Well, I don’t know if it was a secret, but here’s a rare publicity photo of Dave Fleischer with a “story mood chart” indicating story beats for Mr. Bug Goes To Town (1941). Click the photo above to see a close up of the chart. I don’t know if they really used anything like this in production, but however they did it, they created a masterpiece – and that’s all that matters.

  • Peter H

    I’ve seen it reported that Dave made a study of several successful features, and concocted a formula for structuring the highs and lows of a ‘successful’ storyline.

    Mike Dobbs writes (http://madeofpenandink.blogspot.com/) “One of his innovations of which he seemed most proud was a story chart, which could analyze the script of a movie or play and determine its audience appeal. Dave claimed that he had used it to show how the “Francis the Talking Mule” films would be a hit.”

  • Wow. That’s exactly my kind of crazy.

  • Tom

    Great post! Are there any links to a more readable version of the chart? It’s pretty awesome.

  • Jorge Garrido

    I’ve made charts like these before after screenplays were written… and they’re useful for recording what you’ve already written. Not so much planning a film around them.

  • Great photo! had never seen it before.

  • Mark

    Wow. Looks like the snake oil that hack Bruce Block hawks. If this were a key to successful features, why didn’t it produce any?

  • I’ve made color charts and color boards…Really rough to show the mood throughout the story. Sooo important when art directing so you can hand out specific scenes to certain people to work on and keep the consistency.
    Story beats are done on the script and a rough board. Need that for recording.
    This looks pretty technical. Interesting.

  • Regardless of the success rate of the people using it I still think this sort of chart can be utilized for some really effective planning around a script.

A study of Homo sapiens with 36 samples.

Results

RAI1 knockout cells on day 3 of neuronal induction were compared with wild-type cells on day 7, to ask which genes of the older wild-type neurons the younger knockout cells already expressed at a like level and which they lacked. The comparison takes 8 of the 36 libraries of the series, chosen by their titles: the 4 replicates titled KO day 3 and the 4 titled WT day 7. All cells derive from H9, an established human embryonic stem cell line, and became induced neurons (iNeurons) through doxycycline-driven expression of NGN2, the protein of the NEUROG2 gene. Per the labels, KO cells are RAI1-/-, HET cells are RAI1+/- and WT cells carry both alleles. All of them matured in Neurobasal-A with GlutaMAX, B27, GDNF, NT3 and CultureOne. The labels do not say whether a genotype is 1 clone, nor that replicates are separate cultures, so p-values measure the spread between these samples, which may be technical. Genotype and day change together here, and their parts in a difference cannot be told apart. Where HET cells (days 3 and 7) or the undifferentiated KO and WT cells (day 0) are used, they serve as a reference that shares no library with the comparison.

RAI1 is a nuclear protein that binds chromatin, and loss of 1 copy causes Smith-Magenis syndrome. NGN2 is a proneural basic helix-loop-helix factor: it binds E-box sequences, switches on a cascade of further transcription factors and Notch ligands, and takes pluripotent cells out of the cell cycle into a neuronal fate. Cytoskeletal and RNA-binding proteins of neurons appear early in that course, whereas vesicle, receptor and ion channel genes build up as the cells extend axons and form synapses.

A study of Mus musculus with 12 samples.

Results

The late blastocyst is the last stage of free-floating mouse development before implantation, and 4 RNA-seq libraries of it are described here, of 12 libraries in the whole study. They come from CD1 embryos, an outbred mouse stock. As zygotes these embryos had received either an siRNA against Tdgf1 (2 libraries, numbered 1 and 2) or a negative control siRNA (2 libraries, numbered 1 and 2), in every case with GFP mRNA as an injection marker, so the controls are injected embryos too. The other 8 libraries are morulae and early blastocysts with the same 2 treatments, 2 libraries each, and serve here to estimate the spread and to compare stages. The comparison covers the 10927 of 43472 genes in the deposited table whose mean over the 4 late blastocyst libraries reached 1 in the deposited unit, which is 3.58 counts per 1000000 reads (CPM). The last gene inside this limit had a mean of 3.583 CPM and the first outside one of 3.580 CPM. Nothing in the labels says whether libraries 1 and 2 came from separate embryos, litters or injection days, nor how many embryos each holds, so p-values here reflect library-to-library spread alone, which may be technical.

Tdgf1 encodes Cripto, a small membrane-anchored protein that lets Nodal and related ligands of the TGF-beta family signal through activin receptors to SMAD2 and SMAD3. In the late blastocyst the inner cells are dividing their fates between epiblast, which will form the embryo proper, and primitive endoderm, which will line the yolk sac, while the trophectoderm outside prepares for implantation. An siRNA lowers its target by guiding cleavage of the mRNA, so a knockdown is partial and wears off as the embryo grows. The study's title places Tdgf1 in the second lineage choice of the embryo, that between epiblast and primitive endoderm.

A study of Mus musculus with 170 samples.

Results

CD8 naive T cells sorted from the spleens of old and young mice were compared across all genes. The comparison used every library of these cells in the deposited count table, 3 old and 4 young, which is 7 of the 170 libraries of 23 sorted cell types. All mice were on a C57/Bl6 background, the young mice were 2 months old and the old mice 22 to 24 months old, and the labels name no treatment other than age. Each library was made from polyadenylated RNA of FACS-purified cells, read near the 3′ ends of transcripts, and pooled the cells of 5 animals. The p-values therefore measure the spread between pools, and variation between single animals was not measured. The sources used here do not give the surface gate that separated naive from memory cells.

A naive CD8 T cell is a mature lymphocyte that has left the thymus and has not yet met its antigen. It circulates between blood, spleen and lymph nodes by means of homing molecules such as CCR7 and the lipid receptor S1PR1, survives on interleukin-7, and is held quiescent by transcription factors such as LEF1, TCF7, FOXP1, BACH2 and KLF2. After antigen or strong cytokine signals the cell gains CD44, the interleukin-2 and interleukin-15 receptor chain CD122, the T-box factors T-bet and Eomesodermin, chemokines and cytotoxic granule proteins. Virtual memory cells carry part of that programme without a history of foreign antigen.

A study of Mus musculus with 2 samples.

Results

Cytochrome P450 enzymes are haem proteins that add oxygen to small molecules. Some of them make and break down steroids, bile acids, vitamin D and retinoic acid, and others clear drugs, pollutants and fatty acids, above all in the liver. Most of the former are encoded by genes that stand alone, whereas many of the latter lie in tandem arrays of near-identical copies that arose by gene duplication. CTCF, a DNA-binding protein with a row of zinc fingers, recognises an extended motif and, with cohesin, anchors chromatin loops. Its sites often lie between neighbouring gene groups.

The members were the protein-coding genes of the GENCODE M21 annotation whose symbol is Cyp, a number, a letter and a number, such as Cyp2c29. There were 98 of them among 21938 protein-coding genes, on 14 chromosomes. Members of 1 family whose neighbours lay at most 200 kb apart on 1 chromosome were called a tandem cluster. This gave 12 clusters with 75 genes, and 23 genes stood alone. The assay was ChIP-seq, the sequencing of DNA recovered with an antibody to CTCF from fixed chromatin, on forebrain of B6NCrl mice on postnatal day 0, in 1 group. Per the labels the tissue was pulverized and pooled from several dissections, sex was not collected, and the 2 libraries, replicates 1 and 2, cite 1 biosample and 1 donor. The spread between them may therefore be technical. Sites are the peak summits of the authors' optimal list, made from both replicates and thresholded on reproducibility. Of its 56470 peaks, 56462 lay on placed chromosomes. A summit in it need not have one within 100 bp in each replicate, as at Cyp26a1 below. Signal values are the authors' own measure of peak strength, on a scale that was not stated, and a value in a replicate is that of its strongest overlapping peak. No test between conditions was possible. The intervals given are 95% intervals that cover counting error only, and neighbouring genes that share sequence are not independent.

Very interesting post!

  • Angry Anim

    I remember seeing that during early Prince of Egypt days at Dreamworks before they first moved to Glendale. They had it in the hall and a different colored piece of yarn would track the emotional highs and lows of each character. I’ve been kinda out of the loop with DW since those early days, tho… unsure if they continued using them.

  • Southern Fried

    Dave Fleischer allegedly developed this story chart after having seen the play “Abie’s Irish Rose” zillions of times. It worked well enough on short films but the stories in the Fleischer features felt like short cartoon stories that couldn’t sustain well in long form. Of course Fleischer only got to make two features before Paramount shut them down and their second was vastly superior to their first.

  • Nancy Beiman

    Disney didn’t assume there was a pattern that would ensure successful features. They would plan color scripts and story beats, but they would vary from picture to picture.

    Friends who worked for Fleischer told me he was never that concerned about story, so this looks like he heard about Disney story beats and decided to do a publicity shoot. MR. BUG has a pretty standard story, though I like it for the setting and some of the layouts, it isn’t very memorable otherwise.

  • Bill Turner

    DisneyToon Studios used to do this for their direct to video films. Don’t know if they still do.

  • What you see there isn’t a lot different from what screenwriting gurus like Robert McKee are preaching today. Fleischer just got it down on one chart instead of 500 pages.

    I like the “Mr. Bug” structure and it worked well for Pixar in “A Bug’s Life” too.

  • Christina

    It is a beautiful photograph. Thank-you for posting this!

  • Chris Sobieniak

    Being a little off-topic right now, only a few more weeks away until the Japanese Mr. Bug Goes To Town DVD is released over there.

  • Pedro Nakama

    Meanwhile at a board meeting at Disney Studios…
    “Mr. Iger, we must find that chart. It is the only thing that will save our company!”

  • Karen

    Is this like all those dumb colored yarn “personality” and “emotion” charts all over the story walls at Dreamworks?

  • David

    Wow, great find.

    Fischinger did similar drawings in the 20’s of music, but this must’ve been for the press. It looks like an EEG reading!

  • Robert Barker

    I wonder if anybody to save those rare and beautiful models of the characters.